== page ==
15/04/2016 07:29 BST | Updated 14/04/2017 06:12 BST

Scottish Football's Semi-Pro Struggles, Dumbarton Prove Doubters Wrong


It is a a wet and windy Tuesday night on the banks of the river Clyde. Showers of rain keep coming down without any sign of abating, drenching hundreds of loyal Dumbarton fans who have made their way to the Cheaper Insurance Direct stadium. Queen of the South have also furrowed a 95 mile line north from Dumfries for the Scottish Championship game expecting to roll the home team over. Dumbarton understand that having a rich history dating back almost 150 years is not usually enough to beat teams superior in finances and budget in the struggle that is the second tier of Scottish football.


Dumbarton hold the unfortunate record of being the only former champions of Scotland to have not appeared in the current top division, the SPL. It is looking like this season will end in another safe mid table finish with fans understanding the might of a resurgent Rangers FC were always going to dominate. Yet this evening the focus is on Queen of the South. As the sun light fades along the Clyde and air temperatures drop the small 2000 capacity stadium bellows out it's finest "Dumbarton, Dumbarton, Dumbarton" as the players take to the field. 5 hours south of here by train Manchester City entertain the might of Paris Saint-Germain. Two oil rich Arab owned teams living a fantasy far away from the struggles of semi-pro football in Scotland. Ironically it is a Parisian who dominates the game on a night when Paris and Manchester are far from the minds of Scotland's loyal fans. Christian Nade a former Sheffield United and Hearts player grabs the game by the scruff of the neck scoring two stunning goals and driving his team forward. Dumbarton eventually win 4-2. Alongside Nade are factory workers, fathers and husbands who by day work 40 hours a week to put food on the table and one night or noon get to add a few hundred pounds more to their monthly income by playing for a team they love.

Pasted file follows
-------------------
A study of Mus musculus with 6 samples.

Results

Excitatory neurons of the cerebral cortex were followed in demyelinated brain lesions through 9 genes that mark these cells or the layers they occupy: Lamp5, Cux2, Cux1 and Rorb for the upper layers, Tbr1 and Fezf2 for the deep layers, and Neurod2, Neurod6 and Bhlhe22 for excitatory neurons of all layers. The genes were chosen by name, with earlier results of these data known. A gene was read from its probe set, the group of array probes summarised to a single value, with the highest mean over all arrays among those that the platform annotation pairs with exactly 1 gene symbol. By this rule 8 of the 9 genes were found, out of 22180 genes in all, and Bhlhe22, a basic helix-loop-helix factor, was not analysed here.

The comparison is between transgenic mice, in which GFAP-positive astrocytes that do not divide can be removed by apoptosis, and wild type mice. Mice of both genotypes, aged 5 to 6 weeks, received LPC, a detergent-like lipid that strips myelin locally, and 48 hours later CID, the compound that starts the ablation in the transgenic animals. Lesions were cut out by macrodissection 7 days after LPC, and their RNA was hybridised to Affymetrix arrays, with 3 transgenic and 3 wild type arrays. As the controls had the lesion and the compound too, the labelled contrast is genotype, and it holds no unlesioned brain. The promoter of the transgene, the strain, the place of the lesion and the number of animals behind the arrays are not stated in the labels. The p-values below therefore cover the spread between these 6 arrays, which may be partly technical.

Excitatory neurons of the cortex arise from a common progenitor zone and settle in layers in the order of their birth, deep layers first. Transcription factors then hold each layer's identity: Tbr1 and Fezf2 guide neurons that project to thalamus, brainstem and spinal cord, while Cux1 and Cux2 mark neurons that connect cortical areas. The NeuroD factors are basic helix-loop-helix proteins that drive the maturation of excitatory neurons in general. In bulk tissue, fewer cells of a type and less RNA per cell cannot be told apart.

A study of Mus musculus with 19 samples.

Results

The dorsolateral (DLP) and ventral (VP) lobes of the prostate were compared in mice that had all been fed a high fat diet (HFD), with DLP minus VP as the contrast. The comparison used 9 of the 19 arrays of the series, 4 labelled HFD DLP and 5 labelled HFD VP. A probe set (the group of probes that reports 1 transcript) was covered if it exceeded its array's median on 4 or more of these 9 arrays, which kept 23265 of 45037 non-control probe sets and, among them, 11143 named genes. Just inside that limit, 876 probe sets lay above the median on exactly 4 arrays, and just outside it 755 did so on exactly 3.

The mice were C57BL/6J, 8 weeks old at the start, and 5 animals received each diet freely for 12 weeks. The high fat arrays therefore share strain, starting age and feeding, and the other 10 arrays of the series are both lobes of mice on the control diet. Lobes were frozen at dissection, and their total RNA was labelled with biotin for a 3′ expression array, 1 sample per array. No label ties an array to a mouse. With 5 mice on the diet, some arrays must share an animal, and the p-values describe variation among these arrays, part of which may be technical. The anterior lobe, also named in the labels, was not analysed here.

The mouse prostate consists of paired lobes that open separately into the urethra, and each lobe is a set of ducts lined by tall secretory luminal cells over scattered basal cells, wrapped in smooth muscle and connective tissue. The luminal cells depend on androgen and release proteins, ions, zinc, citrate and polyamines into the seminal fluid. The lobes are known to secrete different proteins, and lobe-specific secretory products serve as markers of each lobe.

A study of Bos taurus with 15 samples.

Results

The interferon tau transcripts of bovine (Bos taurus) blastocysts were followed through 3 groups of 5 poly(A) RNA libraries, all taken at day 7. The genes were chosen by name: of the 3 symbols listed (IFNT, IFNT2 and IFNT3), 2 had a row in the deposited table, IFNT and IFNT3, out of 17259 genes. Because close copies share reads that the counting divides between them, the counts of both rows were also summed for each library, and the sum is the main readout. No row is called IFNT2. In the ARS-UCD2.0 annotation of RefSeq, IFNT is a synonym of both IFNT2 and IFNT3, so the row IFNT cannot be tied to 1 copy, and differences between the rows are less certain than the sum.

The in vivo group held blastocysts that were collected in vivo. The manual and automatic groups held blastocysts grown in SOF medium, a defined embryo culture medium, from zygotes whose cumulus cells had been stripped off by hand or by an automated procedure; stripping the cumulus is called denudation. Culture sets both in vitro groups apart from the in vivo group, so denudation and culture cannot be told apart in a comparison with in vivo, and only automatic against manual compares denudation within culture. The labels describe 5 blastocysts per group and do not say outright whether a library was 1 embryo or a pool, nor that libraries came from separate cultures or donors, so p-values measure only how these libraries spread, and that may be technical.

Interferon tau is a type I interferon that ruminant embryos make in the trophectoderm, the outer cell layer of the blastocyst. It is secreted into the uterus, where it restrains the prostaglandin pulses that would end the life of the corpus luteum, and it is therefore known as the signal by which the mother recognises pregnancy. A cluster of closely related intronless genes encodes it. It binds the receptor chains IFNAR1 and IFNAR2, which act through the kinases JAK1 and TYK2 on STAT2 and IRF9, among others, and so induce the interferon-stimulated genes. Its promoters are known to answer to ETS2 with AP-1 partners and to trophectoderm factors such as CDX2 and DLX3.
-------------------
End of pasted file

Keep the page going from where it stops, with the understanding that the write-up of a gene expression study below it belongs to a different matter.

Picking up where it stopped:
There are no big cars in the car park, Range Rovers and Ferraris, there is no hair styling or dramatic diving. This is football in it's purest form. 22 men hoping to out wit each other with a ball and passion. Dumbarton's players are journeymen who have plied their trade in the lower leagues of Scottish and English football for often just 300 pounds a week. Tonight they are applauded off the field at half time and full time. Worshipped by the fans young and old who have sat in the shadows of the 18th century castle that stands sentinel like overlooking their proud little stadium. Sitting amongst those fans are brothers Alex and Ian Couper whose company Cheaper Insurance Direct have committed thousands of pounds to sponsoring their hometown team. The yellow and black logo hangs over the outside and inside of the stadium with Alex acknowledging it is a decent amount of money to hand over but then this is his team and it belongs to their community. Scottish football critics are concerned that teams like Dumbarton with a semi-professional structure struggle against bigger teams with bigger pockets attracting bigger names. However the underdog won on April 12 2016.


Dumbarton know they will not attract big name players, they understand they cannot compete against their namesake, The Championship in England who despite being the second tier of English football is amongst the 5 richest leagues in the world. Yet tonight is about Dumbarton "The Sons of the Rock", as 45,000 fans empty out to the sounds of the Champions League theme song in Manchester a few hundred happy Scots sing their own way home on the banks of the river Clyde knowing no matter what, this is their team and they have the history to prove it.